I’ve spent nothing on marketing!*
I did some media training with a group of start-ups from the Amsterdam branch of an accelerator last month. I did my talk, told my Finovate story (so many learnings!) and quoted George Orwell (as ya do). Then I sat down with the teams to do some one-on-ones.
Inevitably, a phrase cropped up that I have come to know very well in start-up land. Two founders sat down with me (female CTO – way-hey!) to talk about the experience they have had with the press so far and if I had any advice to make it better.
The CEO told me he usually puts together “press packages” for journalists from publications he wants to be featured in – PDF press releases, background information, contact details of people they may want to interview.
“That sounds good,” I told him. “How much success have you had so far with that?”
Both founders nodded and smiled and the CTO commented: “We had a lot of success, considering we have spent nothing on marketing.”
I looked both of the founders in the eye and said: “So, your time then, putting those press packages together, is worth nothing?”
They looked at me, the implication of what I said, slowly dawning.
You hear that phrase a lot is start-up land. “We got so much press, and spent nothing on marketing!” One particularly insulting comment from a Silicon Valley entrepreneur I read said “Marketing is like sex, you shouldn’t have to pay for it.” (Screw you tech bro – you never bought anyone dinner, never cleaned your sheets, never spent any time or effort to learn how to be a considerate and knowledgeable lover? I weep for your past and current sexual partners.) Anyway…
The thing of it is, this phrase “We spent nothing on marketing” is just false. What it really means is your start-up does not have a person, taking in a salary, who has “head of marketing or head of PR” as their job title. And for most early stage start-ups, this is perfectly reasonable. Most do not have enough capital to cover expenses other than core product development and lead generation needs.
However, unless you are building your start-up under a rock, not content to emerge into the outside world until you have made your first billion, you will have spent time and effort speaking at events, responding to Twitter, developing a regular social media presence, writing blogs, appearing on podcasts etc… All of the above takes time (your time, dear founder) and planning and effort. I know that my time is valuable, so I am guessing your average start-up CEO’s time is valuable as well.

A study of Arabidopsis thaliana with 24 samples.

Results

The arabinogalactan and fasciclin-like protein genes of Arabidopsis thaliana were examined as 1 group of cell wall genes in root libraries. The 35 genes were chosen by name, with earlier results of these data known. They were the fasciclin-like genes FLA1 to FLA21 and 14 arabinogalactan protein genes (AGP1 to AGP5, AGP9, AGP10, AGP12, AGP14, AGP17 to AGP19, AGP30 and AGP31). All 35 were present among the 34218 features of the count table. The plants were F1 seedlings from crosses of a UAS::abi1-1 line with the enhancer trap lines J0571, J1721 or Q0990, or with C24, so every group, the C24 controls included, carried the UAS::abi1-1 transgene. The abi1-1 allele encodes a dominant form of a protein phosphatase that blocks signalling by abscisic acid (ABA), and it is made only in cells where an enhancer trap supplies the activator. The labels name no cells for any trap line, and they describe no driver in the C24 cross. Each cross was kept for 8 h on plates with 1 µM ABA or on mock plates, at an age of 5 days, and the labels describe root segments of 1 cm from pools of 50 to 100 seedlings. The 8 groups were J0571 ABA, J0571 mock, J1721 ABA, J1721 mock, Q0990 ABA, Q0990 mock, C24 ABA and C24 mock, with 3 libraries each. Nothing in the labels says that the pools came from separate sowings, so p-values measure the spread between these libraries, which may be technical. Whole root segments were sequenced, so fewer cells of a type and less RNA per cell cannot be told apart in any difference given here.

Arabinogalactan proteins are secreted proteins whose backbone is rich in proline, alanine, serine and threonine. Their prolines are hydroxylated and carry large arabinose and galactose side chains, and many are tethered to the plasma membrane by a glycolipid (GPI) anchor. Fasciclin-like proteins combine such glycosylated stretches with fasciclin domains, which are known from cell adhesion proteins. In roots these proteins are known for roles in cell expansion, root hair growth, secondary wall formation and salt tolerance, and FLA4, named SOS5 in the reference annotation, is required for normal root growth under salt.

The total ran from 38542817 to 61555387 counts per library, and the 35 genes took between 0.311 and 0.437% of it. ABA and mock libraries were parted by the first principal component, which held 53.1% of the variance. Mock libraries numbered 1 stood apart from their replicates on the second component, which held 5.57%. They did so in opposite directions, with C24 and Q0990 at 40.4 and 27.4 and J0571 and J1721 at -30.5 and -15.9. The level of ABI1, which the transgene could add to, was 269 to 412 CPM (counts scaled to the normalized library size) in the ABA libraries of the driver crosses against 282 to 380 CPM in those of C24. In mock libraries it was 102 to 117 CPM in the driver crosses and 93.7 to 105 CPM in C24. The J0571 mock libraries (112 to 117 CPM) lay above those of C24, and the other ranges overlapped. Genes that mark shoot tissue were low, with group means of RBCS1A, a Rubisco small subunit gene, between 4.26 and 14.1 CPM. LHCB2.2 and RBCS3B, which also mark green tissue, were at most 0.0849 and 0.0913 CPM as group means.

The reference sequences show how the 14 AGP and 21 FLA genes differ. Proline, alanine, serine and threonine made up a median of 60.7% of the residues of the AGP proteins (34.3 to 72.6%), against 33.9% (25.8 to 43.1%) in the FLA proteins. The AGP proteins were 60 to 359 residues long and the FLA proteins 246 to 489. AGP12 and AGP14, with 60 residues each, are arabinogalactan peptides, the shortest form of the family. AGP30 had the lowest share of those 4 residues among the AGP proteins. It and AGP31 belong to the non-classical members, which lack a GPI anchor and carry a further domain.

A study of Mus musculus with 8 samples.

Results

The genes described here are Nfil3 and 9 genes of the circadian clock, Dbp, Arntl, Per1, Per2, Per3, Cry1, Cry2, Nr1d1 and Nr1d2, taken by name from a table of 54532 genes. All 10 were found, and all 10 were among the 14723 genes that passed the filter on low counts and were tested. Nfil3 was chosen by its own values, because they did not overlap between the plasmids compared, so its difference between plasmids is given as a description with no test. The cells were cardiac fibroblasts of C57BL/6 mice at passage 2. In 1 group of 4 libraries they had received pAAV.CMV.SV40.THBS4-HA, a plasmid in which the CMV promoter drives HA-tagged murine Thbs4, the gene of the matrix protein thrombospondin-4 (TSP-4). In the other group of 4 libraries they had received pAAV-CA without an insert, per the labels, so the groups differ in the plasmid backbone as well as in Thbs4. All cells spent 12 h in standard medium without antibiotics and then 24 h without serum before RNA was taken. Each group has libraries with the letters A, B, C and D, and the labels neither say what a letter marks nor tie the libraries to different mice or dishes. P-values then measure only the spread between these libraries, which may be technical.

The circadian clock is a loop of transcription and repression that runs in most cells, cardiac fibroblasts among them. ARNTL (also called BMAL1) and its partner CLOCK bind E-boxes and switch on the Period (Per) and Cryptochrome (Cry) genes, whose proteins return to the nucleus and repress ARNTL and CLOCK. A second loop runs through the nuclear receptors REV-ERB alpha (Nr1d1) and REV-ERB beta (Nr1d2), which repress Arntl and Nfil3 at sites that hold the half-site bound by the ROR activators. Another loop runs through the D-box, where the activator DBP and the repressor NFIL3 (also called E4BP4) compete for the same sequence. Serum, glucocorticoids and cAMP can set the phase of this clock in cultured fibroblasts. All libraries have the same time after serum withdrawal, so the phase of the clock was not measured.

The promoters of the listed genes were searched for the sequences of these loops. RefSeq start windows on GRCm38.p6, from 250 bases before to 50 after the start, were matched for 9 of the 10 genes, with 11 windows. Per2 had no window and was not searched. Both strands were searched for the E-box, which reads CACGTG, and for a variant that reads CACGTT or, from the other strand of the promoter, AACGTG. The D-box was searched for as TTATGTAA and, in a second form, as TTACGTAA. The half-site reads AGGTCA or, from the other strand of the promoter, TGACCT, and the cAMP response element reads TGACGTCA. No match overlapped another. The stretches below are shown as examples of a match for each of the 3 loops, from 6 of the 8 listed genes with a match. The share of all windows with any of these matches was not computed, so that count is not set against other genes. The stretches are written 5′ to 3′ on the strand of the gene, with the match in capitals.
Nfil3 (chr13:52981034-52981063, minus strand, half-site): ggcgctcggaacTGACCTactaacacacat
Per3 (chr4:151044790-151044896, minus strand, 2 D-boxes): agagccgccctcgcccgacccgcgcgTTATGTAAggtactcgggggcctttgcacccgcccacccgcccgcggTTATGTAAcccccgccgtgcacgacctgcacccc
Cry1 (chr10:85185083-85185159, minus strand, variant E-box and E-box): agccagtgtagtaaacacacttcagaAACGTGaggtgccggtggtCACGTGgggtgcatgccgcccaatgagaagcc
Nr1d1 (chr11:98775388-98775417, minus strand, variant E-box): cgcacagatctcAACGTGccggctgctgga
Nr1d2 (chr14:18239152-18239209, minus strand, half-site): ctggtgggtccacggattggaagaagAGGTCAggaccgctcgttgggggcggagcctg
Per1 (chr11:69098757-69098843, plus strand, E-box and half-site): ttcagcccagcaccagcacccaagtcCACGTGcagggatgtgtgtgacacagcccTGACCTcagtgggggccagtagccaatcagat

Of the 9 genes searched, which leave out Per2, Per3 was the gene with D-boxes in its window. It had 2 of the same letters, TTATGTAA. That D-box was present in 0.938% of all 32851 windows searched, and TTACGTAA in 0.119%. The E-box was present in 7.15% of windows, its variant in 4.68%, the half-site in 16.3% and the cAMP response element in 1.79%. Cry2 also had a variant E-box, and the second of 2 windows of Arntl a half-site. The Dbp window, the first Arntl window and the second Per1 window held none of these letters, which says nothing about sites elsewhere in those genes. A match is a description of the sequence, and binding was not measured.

Any marketer, PR professional, growth hacker worth their salt will tell you that the efforts that yield the best results are the ones that are thought through and consistent. Consistence being the key – if you don’t have regular output, then you can never measure which “marketing” outreach (which you are definitely not paying for) is working the best and which you can scrap.
I have seen several cool start-ups, not only act as if the above does not cost money, but that it shouldn’t be any effort at all. I was a journalist for 20 years. Listening to, or interviewing, a CEO who feels they are “too cool” to get proper media training or bother to sit down with a trainer that can help with public speaking, is hell. Watching a founder mumble from a sheet of paper, to a packed room in a nightclub in Shoreditch for 45 minutes, is 45 minutes of my life I will never get back again.
Now, what am I advising? So for early stage start-ups (when you are still just a handful of people with a dream) I would not recommend going out and hiring an expensive head of marketing or signing on with an agency (even those ones with “start-up friendly prices” – paying a cheap price just means that you will get cheap service). Even for larger companies, when I have done jobs that involve content creation and marketing, I have looked for free platforms (Twitter, LinkedIn, Medium), positioned myself for speaking slots (so I don’t have to pay for a ticket to events) and cosied myself up to friendly journalists who might be looking for a cool start-up to interview or quote in their paper.
My argument is – while all of the above is “free” – it isn’t free. So don’t insult the millions of people who work very hard in marketing and PR, or your own team working away to get publicity for your start-up, by claiming what they do is worth nothing.
And on a side note – and this pertains to our fintech world – anyone notice the “What is all this Open Banking nonsense?” type pieces cropping up in mainstream news – like the Independant, the Daily Mail, or the BBC? Do you think these journalists woke up one day and came upon the viewpoint that Open Banking is is a threat and nonsense all by themselves? Or do you think they have deep relationships with the teams of PR and comms people who take a paycheck at our major incumbent banks? (hint: it’s the latter)
Open banking’s intended success – to present consumers with more choice – depends on consumers making the choice to take part. Growth hacking (what the cool kids call “marketing”) might give you a good start – but if you are going to reach the consumers the big banks have the resources and capital to reach, heavier artillery is needed. And those guns take time and effort to handle.
*Outside of the annual fee I pay to WordPress, and the 90 minutes it took for me to write it, and the ten minutes my husband spent proofreading it and the ten minutes I spent sharing it on social media.
By Liz Lumley, a fintech specialist, regular speaker on the global conference circuit on fintech and author of the Girl, Disrupted blog
This article was originally published on the Girl, Disrupted blog here.